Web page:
By Justin Sokeland
BEDFORD – The season started under an ominous, threatening cloud and ended under a shroud as Bedford North Lawrence’s 2020 campaign suffered a premature virus death.
From its late opening, to early-season quarantines, to the cancellation of the postseason, COVID-19 dominated the headlines around BNL’s drama-weary program. After battling past so many hurdles, after surviving for 9 regular-season games when most predicted less, the Stars suffered a heartbreaking shutdown when school officials announced the end of BNL’s participation in the IHSAA state tournament.
The Stars finished 2-7, ending on a five-game losing streak, and withdrew from the Class 5A sectional when members of the coaching staff tested positive for the virus and were placed in quarantine.
Perhaps it was appropriate for the craziest year ever, when news from a doctor visit was bigger than the outcomes on the field, to end in that fashion. BNL was one of 152 teams (out of 318 across the state) to complete the regular season, then become one of 7 to forfeit its first playoff game when the virus resurfaced. Other programs have since withdrawn from the sectional semifinals for the same reason.
“To be honest, when we first started, if you had asked any of us, I don’t know if we would have said the season would be completed,” BNL coach Steve Weber said. “A lot of us felt we would get into it, try to provide a little bit of normalcy, but ultimately it would be cancelled.
“Then around Game 3, you kind of forget about it. You’re back in school, kind of normal, cases are holding off. You started to think we’re going to make it. At that point, I thought we would make it for certain, right up until our coaches started getting sick.”
The Stars endured a lot. They missed the entire spring of workout sessions, weren’t allowed to start practices until July. They wore masks, practiced social distancing and hand wringing in sanitizer. They lost four starters for two weeks with precautionary quarantines. They won only two games, the lowest number since Weber’s first season in 2013.
“I don’t want to say any season is a failure, because it’s not,” said Weber, now 33-48 in eight seasons at the helm. “The kids got to play football, they got a full regular season. In that respect, it was successful, with the COVID and the garbage going on. They got to play football.
“The number of wins, that’s not acceptable. We don’t go into it striving to do that. It was a rough year. We wanted to play better in some games, we’d like to have won a few more. But the kids played really hard and didn’t quit.”
There were some bright moments. Junior quarterback Brye Lewis was an electric presence, leading the Stars in rushing (865 yards, 11 touchdowns) while completing 43 of 95 passes for 573 yards (7 interceptions, 5 TDs). Zane Anderson and Gavin Scherschel combined for a solid running attack in the triple-option offense. The Stars were impressive during a 35-6 win at Jennings County and a 41-28 triumph at Madison midway through the season.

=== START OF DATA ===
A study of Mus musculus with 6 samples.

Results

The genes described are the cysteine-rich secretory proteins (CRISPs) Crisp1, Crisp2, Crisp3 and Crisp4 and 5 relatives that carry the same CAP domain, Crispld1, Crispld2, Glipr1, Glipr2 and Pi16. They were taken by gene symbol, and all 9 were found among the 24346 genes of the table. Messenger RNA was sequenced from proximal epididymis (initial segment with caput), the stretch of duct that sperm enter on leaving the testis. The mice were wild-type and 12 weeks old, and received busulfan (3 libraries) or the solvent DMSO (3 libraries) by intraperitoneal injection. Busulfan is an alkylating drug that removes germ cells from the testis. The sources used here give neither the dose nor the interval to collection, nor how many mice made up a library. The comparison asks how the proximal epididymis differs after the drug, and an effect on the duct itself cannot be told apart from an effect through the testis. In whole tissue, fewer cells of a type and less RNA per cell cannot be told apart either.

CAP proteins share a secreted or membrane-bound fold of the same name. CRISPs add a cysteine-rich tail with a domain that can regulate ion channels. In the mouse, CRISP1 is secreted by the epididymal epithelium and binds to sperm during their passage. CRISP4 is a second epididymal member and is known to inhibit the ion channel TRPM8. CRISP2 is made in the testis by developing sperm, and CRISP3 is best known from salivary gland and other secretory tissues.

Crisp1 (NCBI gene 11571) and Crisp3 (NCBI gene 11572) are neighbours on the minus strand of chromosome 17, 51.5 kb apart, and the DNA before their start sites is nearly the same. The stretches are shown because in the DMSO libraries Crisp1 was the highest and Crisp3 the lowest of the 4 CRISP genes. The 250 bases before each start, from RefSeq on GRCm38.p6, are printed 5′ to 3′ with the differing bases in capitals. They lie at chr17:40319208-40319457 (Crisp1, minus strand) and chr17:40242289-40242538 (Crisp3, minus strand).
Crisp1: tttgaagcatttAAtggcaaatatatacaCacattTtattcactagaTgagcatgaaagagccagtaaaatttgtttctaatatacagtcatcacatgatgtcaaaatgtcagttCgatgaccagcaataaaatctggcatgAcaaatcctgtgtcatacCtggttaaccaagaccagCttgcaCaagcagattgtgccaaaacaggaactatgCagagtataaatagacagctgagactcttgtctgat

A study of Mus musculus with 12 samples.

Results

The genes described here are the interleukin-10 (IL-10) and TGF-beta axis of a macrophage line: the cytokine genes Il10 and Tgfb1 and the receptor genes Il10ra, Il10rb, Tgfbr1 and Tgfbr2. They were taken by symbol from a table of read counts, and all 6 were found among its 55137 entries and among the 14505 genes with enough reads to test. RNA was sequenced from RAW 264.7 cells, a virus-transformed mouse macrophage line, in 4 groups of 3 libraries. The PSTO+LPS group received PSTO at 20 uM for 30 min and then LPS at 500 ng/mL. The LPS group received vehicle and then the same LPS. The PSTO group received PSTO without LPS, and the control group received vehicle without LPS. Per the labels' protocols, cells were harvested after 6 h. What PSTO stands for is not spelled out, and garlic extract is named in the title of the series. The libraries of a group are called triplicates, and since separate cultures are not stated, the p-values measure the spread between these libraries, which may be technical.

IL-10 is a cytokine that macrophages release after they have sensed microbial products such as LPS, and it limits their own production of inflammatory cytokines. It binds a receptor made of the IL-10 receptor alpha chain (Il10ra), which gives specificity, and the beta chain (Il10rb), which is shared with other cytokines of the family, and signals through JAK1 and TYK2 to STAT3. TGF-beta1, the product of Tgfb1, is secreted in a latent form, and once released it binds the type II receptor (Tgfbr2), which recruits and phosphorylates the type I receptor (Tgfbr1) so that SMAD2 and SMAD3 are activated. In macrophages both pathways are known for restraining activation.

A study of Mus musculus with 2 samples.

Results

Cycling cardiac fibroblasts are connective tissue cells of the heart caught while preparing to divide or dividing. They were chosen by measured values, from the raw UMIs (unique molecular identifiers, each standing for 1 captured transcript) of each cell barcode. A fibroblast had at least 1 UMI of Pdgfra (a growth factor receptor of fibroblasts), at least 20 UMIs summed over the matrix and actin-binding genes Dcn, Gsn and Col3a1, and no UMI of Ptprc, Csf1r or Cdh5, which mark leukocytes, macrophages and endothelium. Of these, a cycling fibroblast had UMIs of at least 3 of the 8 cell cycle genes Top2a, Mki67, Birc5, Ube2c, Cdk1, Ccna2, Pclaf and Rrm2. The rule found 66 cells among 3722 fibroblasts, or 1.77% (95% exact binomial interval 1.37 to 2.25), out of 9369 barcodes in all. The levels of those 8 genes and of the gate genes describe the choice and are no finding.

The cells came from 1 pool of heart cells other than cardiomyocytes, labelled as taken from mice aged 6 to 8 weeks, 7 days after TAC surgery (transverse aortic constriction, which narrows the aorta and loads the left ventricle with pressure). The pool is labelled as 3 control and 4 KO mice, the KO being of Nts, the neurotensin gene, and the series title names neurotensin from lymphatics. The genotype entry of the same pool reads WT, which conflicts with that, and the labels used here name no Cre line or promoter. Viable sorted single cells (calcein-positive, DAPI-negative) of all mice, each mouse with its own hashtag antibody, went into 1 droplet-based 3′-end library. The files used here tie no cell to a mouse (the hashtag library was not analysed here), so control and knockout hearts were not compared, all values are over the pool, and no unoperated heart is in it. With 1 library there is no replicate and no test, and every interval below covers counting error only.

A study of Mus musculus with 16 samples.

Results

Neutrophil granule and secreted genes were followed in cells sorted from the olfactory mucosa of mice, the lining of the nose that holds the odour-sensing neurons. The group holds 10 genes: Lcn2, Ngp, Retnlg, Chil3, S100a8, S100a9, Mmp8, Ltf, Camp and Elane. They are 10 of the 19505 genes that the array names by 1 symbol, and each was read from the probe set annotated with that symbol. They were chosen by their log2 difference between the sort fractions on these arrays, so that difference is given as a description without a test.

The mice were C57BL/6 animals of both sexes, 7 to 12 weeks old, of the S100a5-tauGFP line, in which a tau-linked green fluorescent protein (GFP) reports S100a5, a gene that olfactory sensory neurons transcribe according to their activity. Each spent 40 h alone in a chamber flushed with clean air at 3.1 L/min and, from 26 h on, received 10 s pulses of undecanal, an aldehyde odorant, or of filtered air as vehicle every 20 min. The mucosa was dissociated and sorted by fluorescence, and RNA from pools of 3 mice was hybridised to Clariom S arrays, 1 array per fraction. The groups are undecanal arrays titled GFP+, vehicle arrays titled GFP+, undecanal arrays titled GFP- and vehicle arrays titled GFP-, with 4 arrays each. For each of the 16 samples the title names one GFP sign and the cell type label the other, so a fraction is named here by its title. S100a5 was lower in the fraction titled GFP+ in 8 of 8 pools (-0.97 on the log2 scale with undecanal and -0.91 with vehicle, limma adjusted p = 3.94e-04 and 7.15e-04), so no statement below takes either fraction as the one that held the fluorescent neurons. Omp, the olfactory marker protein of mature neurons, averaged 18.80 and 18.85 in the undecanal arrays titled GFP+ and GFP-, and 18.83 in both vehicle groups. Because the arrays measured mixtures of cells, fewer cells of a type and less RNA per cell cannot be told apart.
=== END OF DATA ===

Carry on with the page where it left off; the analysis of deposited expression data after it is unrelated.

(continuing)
But BNL also suffered blowout losses to Bloomington North, Terre Haute South and Columbus East (with running clocks in the second half of each) and dropped a 20-19 decision to Jeffersonville in Week 9.
BNL finished with only eight seniors (including starters Luke Allender, Scherschel, James Underwood, James Covey, Austin Messmore and Ben Cosner) on the roster. In stark contrast, the Stars had as many as five freshmen on the field, in part because of injuries.
“That forced a bunch of freshmen into action,” Weber said. “You don’t win many football games, I don’t care what level you are, playing freshmen. They’re not physically or mentally ready for the game. It was an injustice to throw them in the fire like we did. But it was all we could do.
“The positive was we saw a lot of young guys in action. They can actually play the game. Now we have a few years with them. We return a lot of players. So this was a good learning tool for them.”
BNL’s slippage since the 8-3 team in 2018 can be contact traced – or lack thereof – to the weight room. The Stars were noticeably lacking in size, strength and speed. In the future, that must change – even if it means going out to lift concrete blocks or toss tractor tires when the virus closes the traditional weight room setting.
“We were smaller than most teams,” Weber said. “A couple of years ago we were going the right direction, where the kids bought into it. They loved the weight room, we were big and strong, and every time we stepped on the field we were not physically outmatched.
“Something happened after that season, where the kids stopped believing in it. Even with the classes we have, the effort in class or to make training before or after school wasn’t there.
“That has to happen. I don’t know what it takes. We offer classes during the day, we did stuff before and after school. Every opportunity was there. For some reason, other things were more important. I don’t care if you’re playing another sport or what you’re doing, football has to become a priority. If it doesn’t, we’ll never have the season we want.”
BNL is converting the natural-grass playing surface to turf, which is generating excitement. The new field will be ready for 2021. The Stars need to be ready as well.
“That’s our focus, to make football important, not just something we do,” Weber said. “I know the excitement level will go up. It will bring new faces we haven’t seen, it’ll be better for the kids in practice.
“It comes down to the kids now. They have to want to do it. They have to do it consistently and have a goal every day why they’re doing it. They have to attack each day with that goal.”